A new malware strain, dubbed Keydnap, is targeting Mac users, perhaps, in particular, security researchers, according to ESET blog We Live Security.
The ESET researchers are uncertain how victims are initially infected but speculate it might be through attachments in spam messages or downloads from untrusted websites. They have determined that a downloader component is delivered in a .zip file containing an executable with an ordinary-looking extension, .jpg or .txt. But, the file extension includes a space character which, upon double-clicking, will launch it in a Mac Terminal window and not Preview or TextEdit.
The malware contains a proof-of-concept sample available on Github, called Keychaindump, that siphons credentials from victims’ Keychain – an Apple component that stores usernames, passwords and other personal information – and opens a backdoor on targeted systems.
After the Keydnap backdoor is installed, while posing as a pop-up, it sets to work digging into rooting privileges and trying to access administrative privileges. It can then download and launch files from a remote URL, thus keeping the backdoor up to date with fresh iterations, while downloading and running Python scripts and loading shell commands.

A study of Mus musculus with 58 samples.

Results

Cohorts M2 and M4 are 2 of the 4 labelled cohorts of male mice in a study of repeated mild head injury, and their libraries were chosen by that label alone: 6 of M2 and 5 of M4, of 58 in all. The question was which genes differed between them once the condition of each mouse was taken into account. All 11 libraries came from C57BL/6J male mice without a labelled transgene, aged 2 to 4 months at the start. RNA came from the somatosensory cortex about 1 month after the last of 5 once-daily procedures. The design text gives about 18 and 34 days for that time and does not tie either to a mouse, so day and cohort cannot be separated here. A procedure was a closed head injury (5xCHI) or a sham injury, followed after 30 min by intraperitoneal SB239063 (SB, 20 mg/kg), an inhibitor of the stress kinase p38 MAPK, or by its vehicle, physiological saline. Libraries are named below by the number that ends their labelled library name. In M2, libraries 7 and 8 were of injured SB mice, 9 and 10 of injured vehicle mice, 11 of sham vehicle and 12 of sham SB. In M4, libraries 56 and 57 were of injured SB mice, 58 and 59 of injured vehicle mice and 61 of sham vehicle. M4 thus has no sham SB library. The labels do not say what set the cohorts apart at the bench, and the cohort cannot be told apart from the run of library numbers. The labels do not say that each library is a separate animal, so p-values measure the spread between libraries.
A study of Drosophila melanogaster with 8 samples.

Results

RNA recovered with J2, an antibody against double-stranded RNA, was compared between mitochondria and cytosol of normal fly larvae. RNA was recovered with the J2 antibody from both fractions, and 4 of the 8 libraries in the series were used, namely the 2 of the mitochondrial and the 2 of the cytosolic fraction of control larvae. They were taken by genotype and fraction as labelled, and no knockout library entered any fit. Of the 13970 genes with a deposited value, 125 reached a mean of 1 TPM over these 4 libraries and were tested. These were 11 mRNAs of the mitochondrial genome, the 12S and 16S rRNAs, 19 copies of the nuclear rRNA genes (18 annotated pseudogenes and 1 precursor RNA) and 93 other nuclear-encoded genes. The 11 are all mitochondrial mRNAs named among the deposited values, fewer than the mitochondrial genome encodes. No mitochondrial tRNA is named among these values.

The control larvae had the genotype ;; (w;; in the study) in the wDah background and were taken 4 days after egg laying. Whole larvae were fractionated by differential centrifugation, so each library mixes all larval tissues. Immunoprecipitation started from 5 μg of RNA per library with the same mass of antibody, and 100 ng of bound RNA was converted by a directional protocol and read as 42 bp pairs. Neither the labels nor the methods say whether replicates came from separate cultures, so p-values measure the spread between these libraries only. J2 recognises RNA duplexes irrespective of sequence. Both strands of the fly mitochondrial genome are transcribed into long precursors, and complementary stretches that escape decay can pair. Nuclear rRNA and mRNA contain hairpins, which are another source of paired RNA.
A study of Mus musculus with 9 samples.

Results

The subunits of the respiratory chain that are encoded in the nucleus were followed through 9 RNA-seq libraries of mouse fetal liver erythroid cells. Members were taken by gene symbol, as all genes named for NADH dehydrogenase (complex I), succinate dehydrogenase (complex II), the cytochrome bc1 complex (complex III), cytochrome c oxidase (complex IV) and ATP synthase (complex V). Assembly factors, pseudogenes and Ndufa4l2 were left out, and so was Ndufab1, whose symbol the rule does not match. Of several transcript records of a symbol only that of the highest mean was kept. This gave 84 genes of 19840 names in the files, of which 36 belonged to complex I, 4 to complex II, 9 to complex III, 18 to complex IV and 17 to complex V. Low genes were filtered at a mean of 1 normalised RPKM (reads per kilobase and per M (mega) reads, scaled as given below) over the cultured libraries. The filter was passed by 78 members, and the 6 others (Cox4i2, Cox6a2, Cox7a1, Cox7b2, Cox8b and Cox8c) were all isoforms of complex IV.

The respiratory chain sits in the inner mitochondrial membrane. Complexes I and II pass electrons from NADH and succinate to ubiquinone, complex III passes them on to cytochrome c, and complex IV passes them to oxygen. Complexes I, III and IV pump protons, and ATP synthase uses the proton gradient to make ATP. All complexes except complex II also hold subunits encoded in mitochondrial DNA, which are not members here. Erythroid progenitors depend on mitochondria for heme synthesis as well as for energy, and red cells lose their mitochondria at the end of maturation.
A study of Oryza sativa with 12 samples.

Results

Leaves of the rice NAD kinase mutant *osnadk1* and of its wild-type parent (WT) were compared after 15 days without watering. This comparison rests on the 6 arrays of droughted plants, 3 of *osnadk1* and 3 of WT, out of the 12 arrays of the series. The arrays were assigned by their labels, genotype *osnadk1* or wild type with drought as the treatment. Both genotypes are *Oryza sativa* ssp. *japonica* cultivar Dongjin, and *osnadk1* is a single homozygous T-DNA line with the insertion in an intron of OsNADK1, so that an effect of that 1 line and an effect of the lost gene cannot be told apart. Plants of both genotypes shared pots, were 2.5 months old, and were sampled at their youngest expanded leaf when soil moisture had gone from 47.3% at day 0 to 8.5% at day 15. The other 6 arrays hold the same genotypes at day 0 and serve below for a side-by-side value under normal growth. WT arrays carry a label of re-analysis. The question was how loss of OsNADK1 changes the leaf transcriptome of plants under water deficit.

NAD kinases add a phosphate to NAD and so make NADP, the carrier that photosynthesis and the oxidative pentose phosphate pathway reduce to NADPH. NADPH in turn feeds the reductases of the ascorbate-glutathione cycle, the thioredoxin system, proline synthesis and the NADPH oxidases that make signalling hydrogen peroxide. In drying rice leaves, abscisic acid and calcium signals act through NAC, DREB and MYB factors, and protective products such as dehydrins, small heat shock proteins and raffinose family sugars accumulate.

The ESET researchers have so far detected several variants of the downloader executable. Because some recent samples embed decoy documents that are screenshots of botnet C&C panels or dumps of credit card numbers, they believe the malware is targeting users of underground forums or security researchers.
It is unknown how many Mac users have been affected by this malware campaign, ESET said.